Wednesday, August 13, 2008

Inviting and Caring for Out of Town Guests

Weddings bring together a wide range of people who were and are important in your life. Relatives, business acquaintances, college friends, and childhood sweethearts are all key participants in creating a magical wedding day you will never forget. In today's mobile age, however, you can't be sure that all the people who mean so much to you live within a short distance of your wedding site. (This is especially true if you are having a destination wedding or one that is a weekend away from home.)

If you are planning for out-of-town wedding guests, you need to make arrangements for their accommodations by reserving a block of rooms at a nearby hotel. If your reception is at the hotel you will probably be able to get a nice room rate for the wedding as well. Even if it isn't at the hotel, you might want to be sure that it is within easy access of the reception site.

My cousin, who attended Michigan State University, had his reception at a special site on campus, but he and his bride arranged for all of us to stay at a hotel within walking distance so that once we were there we didn't have to worry about driving and parking. This made it much easier to have a good time. Even after the reception ended, we all attended several after-reception parties at the hotel thrown by the parents, the attendants and even in the bridal suite where Chris and his wife still celebrated hours after the wedding reception was over.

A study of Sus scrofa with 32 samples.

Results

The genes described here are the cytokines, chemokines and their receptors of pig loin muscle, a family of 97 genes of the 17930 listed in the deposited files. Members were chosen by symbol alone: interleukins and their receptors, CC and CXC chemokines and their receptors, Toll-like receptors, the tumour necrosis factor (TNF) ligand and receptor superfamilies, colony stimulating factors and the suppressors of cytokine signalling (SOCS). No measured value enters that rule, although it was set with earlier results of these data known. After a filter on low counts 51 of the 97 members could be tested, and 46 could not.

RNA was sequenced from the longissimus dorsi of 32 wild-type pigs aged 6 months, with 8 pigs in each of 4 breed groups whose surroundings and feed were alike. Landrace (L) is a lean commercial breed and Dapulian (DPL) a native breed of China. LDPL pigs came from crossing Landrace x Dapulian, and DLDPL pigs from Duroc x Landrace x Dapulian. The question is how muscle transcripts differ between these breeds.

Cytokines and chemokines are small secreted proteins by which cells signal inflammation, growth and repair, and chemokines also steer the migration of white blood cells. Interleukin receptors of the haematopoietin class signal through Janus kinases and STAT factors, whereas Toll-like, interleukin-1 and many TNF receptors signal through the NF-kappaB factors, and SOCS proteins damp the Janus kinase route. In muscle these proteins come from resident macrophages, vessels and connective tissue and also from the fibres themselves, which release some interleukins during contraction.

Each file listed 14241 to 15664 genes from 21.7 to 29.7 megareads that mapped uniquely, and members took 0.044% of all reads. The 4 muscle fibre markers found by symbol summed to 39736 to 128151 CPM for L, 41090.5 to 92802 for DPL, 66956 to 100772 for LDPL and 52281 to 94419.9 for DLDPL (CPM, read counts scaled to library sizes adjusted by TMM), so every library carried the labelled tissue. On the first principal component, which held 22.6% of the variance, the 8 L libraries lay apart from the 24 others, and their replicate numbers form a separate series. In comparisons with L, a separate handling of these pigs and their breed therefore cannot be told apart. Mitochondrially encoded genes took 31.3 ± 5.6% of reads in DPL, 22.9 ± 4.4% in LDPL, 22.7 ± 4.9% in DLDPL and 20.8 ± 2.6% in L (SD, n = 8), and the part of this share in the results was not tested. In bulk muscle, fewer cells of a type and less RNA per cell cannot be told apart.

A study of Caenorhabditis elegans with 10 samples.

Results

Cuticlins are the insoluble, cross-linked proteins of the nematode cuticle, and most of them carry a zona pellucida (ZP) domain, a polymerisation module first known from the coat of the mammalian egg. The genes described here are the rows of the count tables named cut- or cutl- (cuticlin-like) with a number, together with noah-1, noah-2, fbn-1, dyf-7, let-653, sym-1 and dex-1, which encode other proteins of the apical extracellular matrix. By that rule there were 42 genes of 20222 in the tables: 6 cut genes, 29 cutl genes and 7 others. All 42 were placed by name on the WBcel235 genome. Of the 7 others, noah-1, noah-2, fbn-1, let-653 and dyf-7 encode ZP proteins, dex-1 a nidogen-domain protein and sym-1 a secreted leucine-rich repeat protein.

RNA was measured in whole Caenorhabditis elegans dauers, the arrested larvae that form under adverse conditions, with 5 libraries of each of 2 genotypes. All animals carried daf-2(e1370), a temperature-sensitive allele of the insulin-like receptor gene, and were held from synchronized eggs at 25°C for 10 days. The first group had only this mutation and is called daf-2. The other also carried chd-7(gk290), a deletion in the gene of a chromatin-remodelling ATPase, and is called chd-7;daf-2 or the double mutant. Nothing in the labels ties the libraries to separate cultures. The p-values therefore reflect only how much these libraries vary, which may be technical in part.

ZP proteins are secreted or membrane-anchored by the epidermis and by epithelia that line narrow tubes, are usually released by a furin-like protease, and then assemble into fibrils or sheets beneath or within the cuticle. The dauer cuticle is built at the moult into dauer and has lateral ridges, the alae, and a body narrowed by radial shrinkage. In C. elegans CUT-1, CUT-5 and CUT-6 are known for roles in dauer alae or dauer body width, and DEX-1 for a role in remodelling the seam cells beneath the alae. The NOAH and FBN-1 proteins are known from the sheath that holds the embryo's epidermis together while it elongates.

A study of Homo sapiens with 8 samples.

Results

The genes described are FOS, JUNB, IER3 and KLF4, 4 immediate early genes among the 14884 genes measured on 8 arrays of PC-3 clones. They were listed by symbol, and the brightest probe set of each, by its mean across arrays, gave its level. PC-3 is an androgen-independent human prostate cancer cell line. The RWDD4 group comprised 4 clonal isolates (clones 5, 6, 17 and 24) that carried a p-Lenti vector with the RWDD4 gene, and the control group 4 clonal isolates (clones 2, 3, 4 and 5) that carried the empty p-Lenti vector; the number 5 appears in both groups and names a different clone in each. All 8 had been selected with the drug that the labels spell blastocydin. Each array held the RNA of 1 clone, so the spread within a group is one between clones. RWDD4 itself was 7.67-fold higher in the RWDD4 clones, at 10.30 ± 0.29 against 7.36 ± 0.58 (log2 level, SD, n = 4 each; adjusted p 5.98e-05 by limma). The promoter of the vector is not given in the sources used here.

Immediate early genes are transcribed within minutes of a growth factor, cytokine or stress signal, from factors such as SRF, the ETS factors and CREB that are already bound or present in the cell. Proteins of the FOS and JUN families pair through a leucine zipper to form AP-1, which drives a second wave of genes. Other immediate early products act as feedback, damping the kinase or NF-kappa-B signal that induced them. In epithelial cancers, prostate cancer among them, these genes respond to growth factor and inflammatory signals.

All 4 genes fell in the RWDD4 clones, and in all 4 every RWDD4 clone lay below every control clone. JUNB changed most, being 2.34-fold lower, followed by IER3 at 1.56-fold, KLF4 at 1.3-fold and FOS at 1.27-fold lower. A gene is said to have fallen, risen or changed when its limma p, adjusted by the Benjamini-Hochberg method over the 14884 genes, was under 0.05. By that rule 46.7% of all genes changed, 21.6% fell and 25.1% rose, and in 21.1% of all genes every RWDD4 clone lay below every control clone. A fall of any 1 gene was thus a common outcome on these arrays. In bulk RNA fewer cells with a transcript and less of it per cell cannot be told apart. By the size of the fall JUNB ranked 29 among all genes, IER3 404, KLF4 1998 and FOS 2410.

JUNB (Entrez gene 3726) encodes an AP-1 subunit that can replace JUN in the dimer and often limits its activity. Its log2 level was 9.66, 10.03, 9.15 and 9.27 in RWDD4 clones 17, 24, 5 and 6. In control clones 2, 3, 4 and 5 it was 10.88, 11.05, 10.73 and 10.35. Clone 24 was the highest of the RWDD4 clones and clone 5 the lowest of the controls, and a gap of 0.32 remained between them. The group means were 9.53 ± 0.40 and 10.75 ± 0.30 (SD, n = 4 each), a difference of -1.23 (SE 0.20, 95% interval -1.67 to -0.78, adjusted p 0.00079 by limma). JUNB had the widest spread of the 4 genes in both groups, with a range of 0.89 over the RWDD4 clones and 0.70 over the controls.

Another thing you should consider before even sending out the wedding invitations is what your out-of town guests can do while they are at your wedding. For instance, you might want to include in the invitation packet an itinerary of events that will be taking place before and after the wedding day itself.

Traditionally, out-of-town guests are invited to the rehearsal dinner and any post-wedding luncheons that may be held. So be sure to include that in the itinerary along with any additional events you are having. You may arrange for any sight-seeing or golf outings to while away the hours before the actual event. My cousin had an excursion to a local casino for lunch as a choice for his guests, as well as a trip to a local beach and park for his guests with children.

Speaking of invitations, you should probably start to address your wedding invitations three months before the wedding. Ideally, wedding invitations are sent 8 weeks before the wedding – allowing guests several weeks to make travel arrangements and arrange time off from work if necessary, before sending them back to you.

Remember, you'll need to get them back in advance so you can start labeling placecards, make final head counts, etc. Ask for an RSVP date three weeks before your wedding if you sent them on time. At a minimum, send them out six weeks in advance and set an RSVP date of two weeks before the wedding.